Book covers are incredibly important for the modern author. The cover must stand out, not only on the shelves, but in the online world of Amazon, Smashwords, etc, where there are hundreds of thousands of tiny thumbnail sized covers all vying for a reader's attention. Without a good cover, that browsing shopper won't ever click to see what the book is about, let alone buy it.
And the indie author is in the unique position of having total and never-before-seen control over their cover... along with, in most cases, absolutely no skill or knowledge about what makes a cover work. Many create their own with freebie graphics programmes, leaving what could be an excellent work of literature languishing behind an amateur-hour image. A professionally designed cover is one of the expenses of indie publishing that make many authors baulk, but can mean the difference between getting sales or disappearing into cyberspace without a ripple.
"I believe the single most important thing when it comes to cover design is QUALITY," says Ida from Amygdala Design. "A high quality cover usually speaks of a high quality book, and will make the potential reader more interested in reading the story. A professional designer can help you with a great composition, color- balance, typography as well as the technical aspects."
So what makes a good cover stand out? And how should writer go about choosing the right designer for the job? I asked the two cover designers I know best what they thought. Ida, from Amygdala Design, created the cover for my book, Currents of Change, and Kura Carpenter is a New Zealand cover designer whose work I've admired for some time.
A good cover design, according to Kura from Kura Carpenter Design, appeals to the target audience, conveys the tone of the writing, and, above all, should emotionally engage in a way that gives a potential reader an "I have to have that" feeling.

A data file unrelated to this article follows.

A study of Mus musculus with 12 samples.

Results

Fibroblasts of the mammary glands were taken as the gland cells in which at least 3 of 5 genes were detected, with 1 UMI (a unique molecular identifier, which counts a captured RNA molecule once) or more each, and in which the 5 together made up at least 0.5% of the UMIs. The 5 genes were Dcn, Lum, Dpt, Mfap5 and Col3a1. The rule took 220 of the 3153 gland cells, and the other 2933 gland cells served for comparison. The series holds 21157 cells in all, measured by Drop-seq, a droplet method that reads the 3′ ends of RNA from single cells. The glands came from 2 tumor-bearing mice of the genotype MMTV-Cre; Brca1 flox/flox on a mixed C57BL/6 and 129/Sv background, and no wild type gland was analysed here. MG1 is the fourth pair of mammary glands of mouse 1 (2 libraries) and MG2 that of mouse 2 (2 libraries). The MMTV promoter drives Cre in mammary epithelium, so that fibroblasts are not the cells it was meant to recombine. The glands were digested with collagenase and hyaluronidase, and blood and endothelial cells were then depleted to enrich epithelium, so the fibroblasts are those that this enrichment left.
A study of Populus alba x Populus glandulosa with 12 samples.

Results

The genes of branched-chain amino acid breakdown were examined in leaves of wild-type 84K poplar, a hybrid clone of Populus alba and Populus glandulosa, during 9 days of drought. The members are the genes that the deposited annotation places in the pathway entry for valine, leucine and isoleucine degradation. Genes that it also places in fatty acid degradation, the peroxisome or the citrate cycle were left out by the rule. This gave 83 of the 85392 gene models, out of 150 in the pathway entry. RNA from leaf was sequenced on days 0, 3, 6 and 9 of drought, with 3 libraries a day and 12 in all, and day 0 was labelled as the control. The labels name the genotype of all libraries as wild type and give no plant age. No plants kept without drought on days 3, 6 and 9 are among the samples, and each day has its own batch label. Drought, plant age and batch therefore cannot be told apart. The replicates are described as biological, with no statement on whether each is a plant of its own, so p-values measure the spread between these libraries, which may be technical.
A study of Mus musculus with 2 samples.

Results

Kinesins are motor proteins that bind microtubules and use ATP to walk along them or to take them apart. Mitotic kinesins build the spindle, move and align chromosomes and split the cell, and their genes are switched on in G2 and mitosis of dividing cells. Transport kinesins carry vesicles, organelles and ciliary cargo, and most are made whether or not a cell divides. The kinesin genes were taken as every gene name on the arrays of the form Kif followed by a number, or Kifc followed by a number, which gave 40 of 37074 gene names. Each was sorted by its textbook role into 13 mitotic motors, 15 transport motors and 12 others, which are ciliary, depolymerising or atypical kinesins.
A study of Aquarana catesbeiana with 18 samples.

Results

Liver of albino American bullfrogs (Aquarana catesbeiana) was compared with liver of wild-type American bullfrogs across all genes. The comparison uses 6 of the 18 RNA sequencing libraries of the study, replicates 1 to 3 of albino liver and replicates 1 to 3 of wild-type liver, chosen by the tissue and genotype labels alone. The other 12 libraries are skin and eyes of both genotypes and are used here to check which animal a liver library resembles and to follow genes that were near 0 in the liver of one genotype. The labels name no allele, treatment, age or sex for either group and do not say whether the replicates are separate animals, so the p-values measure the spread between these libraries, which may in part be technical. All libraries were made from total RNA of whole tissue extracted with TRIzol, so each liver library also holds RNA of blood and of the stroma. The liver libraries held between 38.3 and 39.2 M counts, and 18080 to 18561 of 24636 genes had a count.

Ida also suggests simplicity. "The cover should focus on one person or object and not be crowded with too many details. Remember that it needs to look good even in thumbnail size." Simple fonts are more readable and a series should have a recognisable and consistent theme and layout so that they seem like they belong together.
Both designers say that the cover should make the genre clear so that the reader knows what to expect from the book.
So how can you be sure the designer you select will deliver the kind of cover that matches all these requirements?
"Look at his or her portfolio and feedback from previous customers," says Ida. "Try to find out about the designers experience. Does he or she have a formal education as a designer? Do they design covers full time or is it just a hobby?"
Kura also suggests looking at past designs to make sure you like the designer's style. "But look deeper," she says. "Do they have certain traits they use repeatedly? Are they primarily an illustrator or do they mostly use photo manipulation? How well do they handle balancing the graphics with the text?"
"Secondly," she says, "good design is about communication, so open a dialogue with your potential designer. Don't rush into anything. Try and establish if they 'get' your project, and that your cover is going to be treated how you want to be treated: as an individual. That's my advice."
As a first timer in the indie publishing realm, one of my concerns was the practical issue of cost. Talk to the designer up front about what the expectations are. Some charge an hourly rate, others a flat fee. Find out if alterations to the design are included in the fee or cost extra. Is there a limit? When is payment expected and how?
Reliability and professionalism are key. Trust your instincts. If you're not feeling heard or looked after, perhaps this is not the designer for you.
You can see examples of the work of both these cover designers on their websites below.